Kyan, one of Brookfield Zoo’s servals, receives a COVID-19 vaccine from Dr. Mike Adkesson, vice president of clinical medicine for the Chicago Zoological Society. He is assisted by Maggie Chardell, a lead animal care specialist. | Cathy Bazzoni/CZS-Brookfield Zoo

It turns out that humans aren’t the only species on this planet at risk for COVID-19. Certain species of animals have also been infected by the novel coronavirus, which causes the disease, so the medical staff at Brookfield Zoo is taking action by vaccinating at-risk animals in the collection.

Over the past week or so, veterinarians and support staff have begun giving COVID-19 inoculations manufactured by a company called Zoetis, which produces other vaccines for domestic animals.

Dr. Mike Adkesson, vice president of clinical medicine for the Chicago Zoological Society, which operates Brookfield Zoo, said the team of five vets, 10 support staff and 50 to 100 animal care staff have been preparing animals for their shots and then administering them in a systematic fashion.

“It’s been a huge team effort to get to this point,” Adkesson told the Landmark in a phone interview.

When the vaccine effort is complete, said Adkesson, some 300 animals will have been vaccinated. Like the Pfizer and Moderna vaccines for humans, the animals will receive two doses of the vaccine, three weeks apart, which means this effort will take some time to complete.

Francine Lescher, a senior animal care specialist, holds T-Mo, a Linnaeus’s two-toed sloth at Brookfield Zoo, while he receives a COVID-19 vaccine administered by Dr. Mike Adkesson, vice president of clinical medicine for the Chicago Zoological Society. | Cathy Bazzoni/CZS-Brookfield Zoo

On Sept. 7, for example, the staff administered doses to 17 animals, and those are some of the easier species to vaccinate.

“A lot of the bigger primates are trained for injection behavior,” said Adkesson, adding that gorillas, for example, will present their arms by walking up to the habitat’s outer mesh to be inoculated and some smaller primates are crate trained. It’s also relatively easy to vaccinate small mammals that can be handled more easily.

“The best case situations are where they are fully cooperative,” Adkesson said. “These animals have trusting relationships with their care teams.”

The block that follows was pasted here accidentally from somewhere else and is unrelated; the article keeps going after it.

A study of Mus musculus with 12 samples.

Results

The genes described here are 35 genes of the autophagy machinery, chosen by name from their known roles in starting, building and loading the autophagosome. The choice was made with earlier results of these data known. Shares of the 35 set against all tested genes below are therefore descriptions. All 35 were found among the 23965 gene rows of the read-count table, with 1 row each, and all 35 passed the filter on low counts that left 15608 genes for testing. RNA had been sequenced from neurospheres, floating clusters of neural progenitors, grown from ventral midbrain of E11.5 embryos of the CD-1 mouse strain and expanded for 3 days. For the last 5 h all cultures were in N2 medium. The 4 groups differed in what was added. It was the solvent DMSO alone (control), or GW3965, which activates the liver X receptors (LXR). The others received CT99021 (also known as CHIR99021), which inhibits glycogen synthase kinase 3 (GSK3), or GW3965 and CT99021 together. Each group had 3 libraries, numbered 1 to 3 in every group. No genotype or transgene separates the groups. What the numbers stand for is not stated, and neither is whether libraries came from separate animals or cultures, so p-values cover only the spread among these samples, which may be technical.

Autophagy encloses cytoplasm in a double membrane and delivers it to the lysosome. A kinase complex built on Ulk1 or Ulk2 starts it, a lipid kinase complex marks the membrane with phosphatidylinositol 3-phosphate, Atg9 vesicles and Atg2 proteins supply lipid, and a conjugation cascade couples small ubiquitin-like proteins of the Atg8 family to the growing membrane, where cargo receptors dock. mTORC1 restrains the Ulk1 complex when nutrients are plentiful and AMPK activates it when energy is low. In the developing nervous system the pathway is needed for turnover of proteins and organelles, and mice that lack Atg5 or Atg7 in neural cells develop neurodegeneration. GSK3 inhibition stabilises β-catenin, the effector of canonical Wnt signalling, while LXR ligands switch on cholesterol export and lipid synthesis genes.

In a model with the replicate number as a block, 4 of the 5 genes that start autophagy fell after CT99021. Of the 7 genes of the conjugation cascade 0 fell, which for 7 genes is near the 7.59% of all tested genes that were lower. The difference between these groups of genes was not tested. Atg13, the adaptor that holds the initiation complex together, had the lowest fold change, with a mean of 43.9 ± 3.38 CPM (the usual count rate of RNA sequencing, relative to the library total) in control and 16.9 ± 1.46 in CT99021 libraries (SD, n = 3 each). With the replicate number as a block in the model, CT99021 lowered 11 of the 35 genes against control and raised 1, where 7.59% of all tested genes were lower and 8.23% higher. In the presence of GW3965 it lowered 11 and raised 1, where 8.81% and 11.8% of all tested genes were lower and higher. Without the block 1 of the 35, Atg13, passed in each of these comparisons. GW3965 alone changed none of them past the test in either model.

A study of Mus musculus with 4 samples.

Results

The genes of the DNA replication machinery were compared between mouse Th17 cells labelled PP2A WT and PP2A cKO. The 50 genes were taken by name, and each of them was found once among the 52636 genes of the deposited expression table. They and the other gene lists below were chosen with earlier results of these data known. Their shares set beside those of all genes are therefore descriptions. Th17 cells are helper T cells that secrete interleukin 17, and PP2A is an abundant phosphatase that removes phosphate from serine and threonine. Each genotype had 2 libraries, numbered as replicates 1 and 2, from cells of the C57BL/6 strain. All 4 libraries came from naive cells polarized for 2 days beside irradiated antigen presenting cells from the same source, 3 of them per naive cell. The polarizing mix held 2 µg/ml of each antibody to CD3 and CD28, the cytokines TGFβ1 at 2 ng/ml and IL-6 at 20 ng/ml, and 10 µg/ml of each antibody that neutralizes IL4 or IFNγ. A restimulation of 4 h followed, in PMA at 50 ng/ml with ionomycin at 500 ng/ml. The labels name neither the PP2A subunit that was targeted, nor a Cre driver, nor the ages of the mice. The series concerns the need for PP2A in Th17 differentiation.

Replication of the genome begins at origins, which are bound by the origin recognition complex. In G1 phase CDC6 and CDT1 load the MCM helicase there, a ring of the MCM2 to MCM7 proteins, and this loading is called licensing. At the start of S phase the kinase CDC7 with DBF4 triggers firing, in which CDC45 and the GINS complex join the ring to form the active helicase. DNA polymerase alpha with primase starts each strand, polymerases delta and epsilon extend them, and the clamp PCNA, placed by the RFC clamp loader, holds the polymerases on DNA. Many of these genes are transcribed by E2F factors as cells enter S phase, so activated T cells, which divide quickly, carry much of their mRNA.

While there have been no COVID-19 cases among animals at Brookfield Zoo, Adkesson said, cases have popped up at other zoos among certain species. Among those susceptible are larger primates, big cats such as lions and tigers, bears and small carnivores like otters and minks.

Also among those animals first in line to receive vaccines are Brookfield Zoo’s “animal ambassadors,” which come into direct contact with zoo visitors both onsite and at offsite events.

COVID-19 symptoms in animals are similar to those experienced by humans, upper respiratory issues including coughing and sneezing. Veterinarians are still learning how COVID-19 is spread in animal populations, whether that’s animal-animal or human-animal transmission.

“We know it’s not spreading wildly,” said Adkesson.

Because of the uncertainty, said Adkesson, Brookfield Zoo early on masked up the medical staff and tried to maintain physical distance from animals. When zoo collections include endangered species, like Amur leopards – where there are less than 200 left in the world – it’s imperative to protect them from preventable diseases like COVID-19.

“We immediately put precautions in place,” Adkesson said. “We’ve been very cautious with this. It’s hard because staff have strong, tight relationships with the animals.”

Zoetis is providing the vaccines to zoos and aquariums (some of which have animal ambassadors that are small mammals, said Adkesson) at no cost. Two weeks after an animal’s second vaccine, it is considered fully protected against COVID-19.

Getting animals like big primates and the zoo’s Rodrigues fruit bats inoculated will also mean that the Tropic World: Africa and Australia House exhibits, which have been closed to the public since March 2020, can reopen their doors.

As we gained knowledge about COVID-19, we strategically opened our buildings back up,” said Adkesson. “But with exhibits like Tropic World: Africa and Australia House, where the bats fly freely, we didn’t feel like we could maintain enough distance between those areas and people.”